Arkansas’s first environmental education state park interprets the importance of the natural world and our place within it.
Last Thursday, before he dropped the between-songs banter and started making guttural animal noises, Lou Barlow told a joke. “I always thought, instead of calling it ‘indie rock' they should've called it ‘little rock,' ” he deadpanned. Rimshot. Groans all around. Then someone in the audience asked him to turn up the vocals. “Turn up the vocals?!” he mocked, before laughing, super villain style, “Bwahahahahah!”
We could almost be forgiven for not knowing the score. This was Dinosaur Jr.'s first ever show in Little Rock and its first in Arkansas in 25 years. But, as anyone even remotely familiar with the band should know, perhaps above all, it's about playing ear-splittingly loud. Who cares about the vocals?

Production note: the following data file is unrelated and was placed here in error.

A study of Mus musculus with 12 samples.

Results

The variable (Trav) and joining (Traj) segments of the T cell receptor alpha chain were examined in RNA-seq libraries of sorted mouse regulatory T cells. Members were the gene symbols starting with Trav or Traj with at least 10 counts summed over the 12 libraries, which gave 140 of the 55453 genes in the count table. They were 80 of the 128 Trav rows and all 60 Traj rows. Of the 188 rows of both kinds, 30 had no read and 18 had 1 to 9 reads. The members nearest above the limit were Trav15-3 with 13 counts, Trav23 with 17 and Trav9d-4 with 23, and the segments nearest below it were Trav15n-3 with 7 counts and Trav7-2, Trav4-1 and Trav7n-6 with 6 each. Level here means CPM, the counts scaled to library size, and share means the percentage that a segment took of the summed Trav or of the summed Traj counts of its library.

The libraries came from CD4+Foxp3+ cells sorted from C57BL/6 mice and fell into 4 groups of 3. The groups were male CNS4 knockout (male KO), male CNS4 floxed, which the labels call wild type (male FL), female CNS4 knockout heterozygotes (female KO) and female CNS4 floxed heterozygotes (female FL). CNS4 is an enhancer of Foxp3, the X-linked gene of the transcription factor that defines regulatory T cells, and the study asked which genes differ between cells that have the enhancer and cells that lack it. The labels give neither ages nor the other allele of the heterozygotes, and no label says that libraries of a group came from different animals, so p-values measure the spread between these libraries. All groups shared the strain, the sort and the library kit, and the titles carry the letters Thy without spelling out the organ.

J. Mascis, now silver-haired and wizard-looking, played in a cove of three Marshall stacks. That might've been a bit of overkill. Folks in the River Market and Argenta and probably Hillcrest probably got a taste.
Mascis' playing lived up to his reputation. So nimble in solos. So deft in those signature quick tempo shifts. So much sweet, sweet shredding.
Even in between songs, when normal bands might, you know, talk, crack jokes, the Dinosaur dudes filled the space by riffing on their instruments. J'd give us 30 seconds of guitar hero magic. Murph played crazy drum breaks. Lou made space sound effects with his bass when he wasn't making animal noises.
The packed house, somewhat surprisingly, was not exclusively grown folks. In fact, the pit looked to be just about all kids too young to have ever heard Lou. I guess that's testament to a band that, even after more than 25 years (give or take some line-up issues and a hiatus or two), still makes really, really strong music.